2 March 2016  •  Author: Victoria White

Baxalta has submitted a Marketing Authorisation Application (MAA) to the European Medicines Agency (EMA) for approval of Adynovi, an extended circulating half-life recombinant Factor VIII (rFVIII) treatment, for paediatric, adolescent and adult patients with haemophilia A and for use during surgery.


Currently licensed in the US as Adynovate [Antihemophilic Factor (Recombinant), PEGylated] and under regulatory review in Japan, Canada and Switzerland, Adynovi is the only rFVIII treatment for haemophilia A developed based on the demonstrated efficacy of Advate [Antihemophilic Factor (Recombinant)].

Adynovi is built on the full-length Advate molecule, a leading treatment for haemophilia A. The therapy leverages proprietary PEGylation technology designed to extend the amount of FVIII available for use in the body. The technology was selected because it maintains the integrity of the parent molecule (Advate) and reduces the time at which the body clears Adynovi, resulting in an extended circulating half-life. This proprietary technology has been used for more than 15 years in a number of approved medicines that treat chronic or serious conditions.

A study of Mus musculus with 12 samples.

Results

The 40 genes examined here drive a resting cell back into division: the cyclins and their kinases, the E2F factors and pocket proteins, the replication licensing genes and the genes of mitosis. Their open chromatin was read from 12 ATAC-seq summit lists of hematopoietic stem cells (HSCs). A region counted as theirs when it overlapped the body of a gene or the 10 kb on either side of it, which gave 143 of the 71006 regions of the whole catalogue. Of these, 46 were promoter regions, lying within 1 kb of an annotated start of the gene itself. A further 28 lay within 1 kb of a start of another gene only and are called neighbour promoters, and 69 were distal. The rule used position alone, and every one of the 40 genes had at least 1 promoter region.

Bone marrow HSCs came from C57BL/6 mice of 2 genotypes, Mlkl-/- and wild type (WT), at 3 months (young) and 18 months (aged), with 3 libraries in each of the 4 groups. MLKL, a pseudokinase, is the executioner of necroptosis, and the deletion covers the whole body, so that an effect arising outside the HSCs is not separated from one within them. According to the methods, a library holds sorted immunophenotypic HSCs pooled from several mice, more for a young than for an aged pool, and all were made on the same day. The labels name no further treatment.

MAA based on data from three Phase III trials of Adynovi

Commenting on the announcement, Brian Goff, executive vice president and president, Haematology, Baxalta, said: ”We are dedicated to bringing Adynovi to haemophilia A patients all over the world. As we build on our market-leading portfolio of direct factor replacement treatments, we continually bring new options to haemophilia patients, empowering them to manage their haemophilia, with their caregivers, in the way that works best for them.”

The EMA filing is based on data from three Phase III clinical trials. Adynovi was studied in patients aged 12 to 65 years, in a prospective, global, multi-centre, open label, non-randomised study; in patients 12 years of age and younger, in a prospective, uncontrolled, open-label, multi-centre study; and for the perioperative control of haemostasis among 15 patients with severe haemophilia A undergoing surgical procedures.